On this second part of the Deaf Awareness Week posts (part one ), we bring you a perspective on education for the deaf, and the different challenges it implies. First, from the Central African Republic, a school that after funds stopped, has continued fueled only by love. Second, from the Philippines, deaf students created and produced a video showcasing the struggles many of them face after they graduate. In Venezuela, teachers for the deaf explain the importance of a bilingual and bi-cultural education. And finally, a visual example of how different sign languages from two countries can be.
This first video from the Central African Republic , documents the plight their only deaf school is facing: they are down to two teachers working out of love, since they haven't been paid their salary for 4 years, and they are in dire need of supplies and books. This video is in African Sign Language with English subtitles.
The Humanitarian and Development Partnership team of the Central African Republic is the non-profit organization which produced and posted this video. On their blog, they point out what the needs of this school are, according to its principal: salaries, materials, teacher training, busing, more schools for the deaf and vocational training for older students. Information about how to contact this organization to help this school can be found here .
From the Philippines, the Manila Christian Computer Institute for the Deaf  provides training in computer skills for their students, preparing them for the job market as well as they can, however, as can be seen in this video  which they produced and directed themselves, they face frustration and lack of job opportunities once they get out of school. The video is in Filipino Sign Language with English subtitles:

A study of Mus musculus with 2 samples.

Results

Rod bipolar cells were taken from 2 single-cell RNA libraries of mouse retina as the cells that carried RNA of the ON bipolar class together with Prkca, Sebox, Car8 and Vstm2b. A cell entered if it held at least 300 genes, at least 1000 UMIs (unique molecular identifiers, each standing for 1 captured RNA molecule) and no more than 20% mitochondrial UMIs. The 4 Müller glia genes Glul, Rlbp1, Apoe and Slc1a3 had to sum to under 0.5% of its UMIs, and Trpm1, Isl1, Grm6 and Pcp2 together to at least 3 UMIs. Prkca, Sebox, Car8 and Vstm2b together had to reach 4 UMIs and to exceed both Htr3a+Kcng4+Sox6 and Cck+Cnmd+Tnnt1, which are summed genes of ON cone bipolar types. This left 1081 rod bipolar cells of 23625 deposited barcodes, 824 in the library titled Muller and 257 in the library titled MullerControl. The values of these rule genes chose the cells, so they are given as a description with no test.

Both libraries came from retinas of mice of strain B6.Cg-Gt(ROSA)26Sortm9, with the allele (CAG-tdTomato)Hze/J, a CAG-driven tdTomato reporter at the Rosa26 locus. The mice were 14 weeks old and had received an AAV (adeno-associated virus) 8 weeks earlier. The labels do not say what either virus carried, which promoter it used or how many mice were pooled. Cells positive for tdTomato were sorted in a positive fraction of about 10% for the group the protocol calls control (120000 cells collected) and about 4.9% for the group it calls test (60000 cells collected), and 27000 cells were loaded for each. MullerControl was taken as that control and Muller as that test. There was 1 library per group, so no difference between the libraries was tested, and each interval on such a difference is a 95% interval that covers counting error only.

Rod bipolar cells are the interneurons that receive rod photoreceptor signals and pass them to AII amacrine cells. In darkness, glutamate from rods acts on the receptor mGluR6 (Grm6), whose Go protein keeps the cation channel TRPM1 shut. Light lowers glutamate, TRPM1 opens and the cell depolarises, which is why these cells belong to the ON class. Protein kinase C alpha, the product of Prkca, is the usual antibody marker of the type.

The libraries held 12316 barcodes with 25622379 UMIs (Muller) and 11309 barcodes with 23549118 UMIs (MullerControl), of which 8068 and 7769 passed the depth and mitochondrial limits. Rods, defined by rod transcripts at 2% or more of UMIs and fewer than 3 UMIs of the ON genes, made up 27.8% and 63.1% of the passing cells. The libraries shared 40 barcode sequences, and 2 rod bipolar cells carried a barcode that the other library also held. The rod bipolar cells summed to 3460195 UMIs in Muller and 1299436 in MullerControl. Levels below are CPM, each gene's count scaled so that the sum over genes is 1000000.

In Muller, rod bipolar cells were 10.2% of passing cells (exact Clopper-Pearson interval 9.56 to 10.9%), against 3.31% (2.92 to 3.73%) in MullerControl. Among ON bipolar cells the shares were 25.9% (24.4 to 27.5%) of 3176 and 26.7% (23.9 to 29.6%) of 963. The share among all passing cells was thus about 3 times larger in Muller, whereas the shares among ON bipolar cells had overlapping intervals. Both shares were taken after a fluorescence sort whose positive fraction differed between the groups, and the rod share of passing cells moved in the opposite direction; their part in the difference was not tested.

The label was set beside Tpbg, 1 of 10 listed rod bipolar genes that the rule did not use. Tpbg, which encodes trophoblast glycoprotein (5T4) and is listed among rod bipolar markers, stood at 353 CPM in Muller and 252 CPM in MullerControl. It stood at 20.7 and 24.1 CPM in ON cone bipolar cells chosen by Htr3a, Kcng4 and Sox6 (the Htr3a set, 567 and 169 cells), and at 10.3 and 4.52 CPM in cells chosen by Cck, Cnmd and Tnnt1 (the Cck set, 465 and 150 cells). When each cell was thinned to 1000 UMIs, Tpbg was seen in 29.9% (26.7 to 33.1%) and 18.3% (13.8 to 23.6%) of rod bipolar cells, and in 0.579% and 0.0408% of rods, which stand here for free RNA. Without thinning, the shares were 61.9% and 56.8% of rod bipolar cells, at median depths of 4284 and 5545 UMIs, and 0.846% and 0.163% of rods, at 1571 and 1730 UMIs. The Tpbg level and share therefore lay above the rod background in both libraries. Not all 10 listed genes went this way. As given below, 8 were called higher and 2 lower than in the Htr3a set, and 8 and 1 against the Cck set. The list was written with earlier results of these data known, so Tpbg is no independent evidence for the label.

Venezuela also provides specialized education for the deaf population, and in this video, school staff explain how they go around teaching deaf children who may also suffer from cognitive deficiencies in what they call a bilingual environment. There, students are taught in Sign Language as their first language and in Spanish as their second language, which will hopefully enable them to integrate themselves better to the rest of the hearing community. One of the teachers explains how she doesn't consider incorrect verb usage in homework as a mistake, but as an opportunity to explain to the students that people who hear, use verbs in different manners and they should also learn how to express themselves appropriately when communicating with them. The video  is in Venezuelan Sign Language and Spanish.